An A4 size colouring book featuring a range of of plant and animal illustrations along with Larrakia language words. Colouring-in activities are complemented by other exercises to inspire the imagination of early learners and their appreciation of the natural world. Illustrations by Gulumerrdjin artist Jason Lee.
Based on research to emerge from the Kurongkurl Katitjin Centre for Australian Aboriginal Education and Research at Edith Cowan University and the Western Australian Aboriginal Journey Ways Project through Main Roads Western Australia, this study documents personal, traditional and archaeological knowledge relating to the main coastal and inland routes throughout the state over the millennia.
An introduction to Larrakia language, the language of the Gulumerrdjin (Larrakia) people of the Darwin and Cox Peninsula regions (NT), through a selection of animal-related words and original illustrations provided by Gulumerrdjin artist Jason Lee. Suitable for early learners and those interested in Larrakia language.
Bicultural knowledge of the Jingili and Mudburra people of Murranji, Marlinja, Warranganku (Beetaloo) and Kulumindini (Elliott)
This landmark publication has been three years in the making and brings together the work of senior Jingulu and Mudburra elders in collaboration with a biologist and linguists. The focus on Jingulu and Mudburra names and uses for 186 plants and 245 animals represents the largest scope of its kind with the book existing as the Northern Territory Botanical Bulletin No. 49.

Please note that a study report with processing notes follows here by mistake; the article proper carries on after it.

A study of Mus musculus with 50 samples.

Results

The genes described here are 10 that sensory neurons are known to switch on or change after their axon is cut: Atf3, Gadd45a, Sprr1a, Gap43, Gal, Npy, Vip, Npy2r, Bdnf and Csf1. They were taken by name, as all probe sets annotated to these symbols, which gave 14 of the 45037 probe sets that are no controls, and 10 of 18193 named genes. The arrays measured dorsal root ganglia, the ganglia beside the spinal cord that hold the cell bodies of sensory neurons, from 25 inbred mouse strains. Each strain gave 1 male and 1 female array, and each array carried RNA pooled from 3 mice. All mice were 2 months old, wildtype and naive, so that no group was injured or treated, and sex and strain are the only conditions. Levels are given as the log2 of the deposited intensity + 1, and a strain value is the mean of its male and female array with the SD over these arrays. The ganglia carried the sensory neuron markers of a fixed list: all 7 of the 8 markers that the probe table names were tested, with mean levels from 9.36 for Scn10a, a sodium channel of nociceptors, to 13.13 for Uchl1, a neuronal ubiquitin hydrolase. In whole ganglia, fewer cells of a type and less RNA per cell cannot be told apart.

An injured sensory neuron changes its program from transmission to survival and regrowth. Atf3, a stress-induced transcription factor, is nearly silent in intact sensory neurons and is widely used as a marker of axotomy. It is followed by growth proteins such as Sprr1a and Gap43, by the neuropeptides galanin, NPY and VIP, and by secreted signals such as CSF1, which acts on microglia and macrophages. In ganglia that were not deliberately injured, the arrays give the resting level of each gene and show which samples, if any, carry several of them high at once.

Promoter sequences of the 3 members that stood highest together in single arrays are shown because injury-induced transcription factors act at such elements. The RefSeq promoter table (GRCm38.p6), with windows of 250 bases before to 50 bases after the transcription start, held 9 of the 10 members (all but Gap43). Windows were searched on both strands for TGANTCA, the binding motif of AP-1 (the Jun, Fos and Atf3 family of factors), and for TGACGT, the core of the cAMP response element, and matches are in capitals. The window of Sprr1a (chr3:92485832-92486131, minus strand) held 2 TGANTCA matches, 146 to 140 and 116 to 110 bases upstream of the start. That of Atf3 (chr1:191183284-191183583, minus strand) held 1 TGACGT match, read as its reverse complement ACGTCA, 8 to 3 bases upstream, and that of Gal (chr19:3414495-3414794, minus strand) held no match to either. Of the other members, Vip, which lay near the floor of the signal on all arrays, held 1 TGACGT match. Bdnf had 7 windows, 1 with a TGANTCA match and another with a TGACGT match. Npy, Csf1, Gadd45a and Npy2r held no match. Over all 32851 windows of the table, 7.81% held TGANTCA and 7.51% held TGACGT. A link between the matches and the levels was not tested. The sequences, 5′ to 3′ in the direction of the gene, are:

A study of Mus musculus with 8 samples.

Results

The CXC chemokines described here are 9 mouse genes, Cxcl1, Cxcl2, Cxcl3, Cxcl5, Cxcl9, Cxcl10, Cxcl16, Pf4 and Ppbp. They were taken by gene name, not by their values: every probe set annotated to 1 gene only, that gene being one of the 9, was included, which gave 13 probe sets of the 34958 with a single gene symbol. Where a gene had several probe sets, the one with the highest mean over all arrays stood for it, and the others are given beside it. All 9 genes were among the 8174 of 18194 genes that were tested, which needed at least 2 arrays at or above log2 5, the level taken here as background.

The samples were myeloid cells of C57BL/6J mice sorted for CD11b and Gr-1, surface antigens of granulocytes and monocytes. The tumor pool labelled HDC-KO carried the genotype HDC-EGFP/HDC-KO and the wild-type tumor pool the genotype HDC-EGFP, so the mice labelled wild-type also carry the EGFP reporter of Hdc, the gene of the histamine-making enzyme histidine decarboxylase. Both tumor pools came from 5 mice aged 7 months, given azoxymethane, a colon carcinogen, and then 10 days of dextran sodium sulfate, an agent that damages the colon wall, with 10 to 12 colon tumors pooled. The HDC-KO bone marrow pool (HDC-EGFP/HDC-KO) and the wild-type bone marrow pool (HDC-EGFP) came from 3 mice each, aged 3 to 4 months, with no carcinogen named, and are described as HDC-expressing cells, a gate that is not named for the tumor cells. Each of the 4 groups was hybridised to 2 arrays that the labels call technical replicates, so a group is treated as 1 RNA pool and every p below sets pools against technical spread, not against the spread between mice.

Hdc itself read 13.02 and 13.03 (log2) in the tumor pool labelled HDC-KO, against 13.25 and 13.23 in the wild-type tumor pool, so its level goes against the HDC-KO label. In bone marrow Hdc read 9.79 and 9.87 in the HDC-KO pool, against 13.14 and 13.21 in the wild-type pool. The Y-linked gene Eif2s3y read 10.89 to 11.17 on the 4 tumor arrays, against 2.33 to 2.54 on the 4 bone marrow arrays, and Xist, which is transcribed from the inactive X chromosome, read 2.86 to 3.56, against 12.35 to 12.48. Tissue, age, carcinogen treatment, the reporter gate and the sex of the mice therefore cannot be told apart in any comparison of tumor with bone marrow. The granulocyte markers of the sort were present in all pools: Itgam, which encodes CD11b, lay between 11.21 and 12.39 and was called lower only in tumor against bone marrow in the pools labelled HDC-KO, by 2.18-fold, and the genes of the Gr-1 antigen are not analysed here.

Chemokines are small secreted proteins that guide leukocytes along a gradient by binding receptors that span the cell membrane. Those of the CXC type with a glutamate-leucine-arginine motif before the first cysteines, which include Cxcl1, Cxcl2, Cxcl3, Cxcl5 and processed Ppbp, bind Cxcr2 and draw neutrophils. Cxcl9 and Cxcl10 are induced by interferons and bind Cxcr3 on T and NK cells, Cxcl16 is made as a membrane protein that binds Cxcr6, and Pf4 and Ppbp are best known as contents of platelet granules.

Aboriginal flora and fauna knowledge from the east Kimberley, north Australia
This book is the result of a study of Gija plant and animal knowledge conducted by biocultutral knowledge custodians with a linguist and biologist are presented. Gija names and uses of plants and animals, specific names and common English names of 215 plants and 247 animals are included.
We Always Stay contains the stories of seven remarkable teachers from remote communities in central Australia. All of these teachers speak, read and write in at least their own language as well as English. Many of them are multilingual in several Aboriginal languages.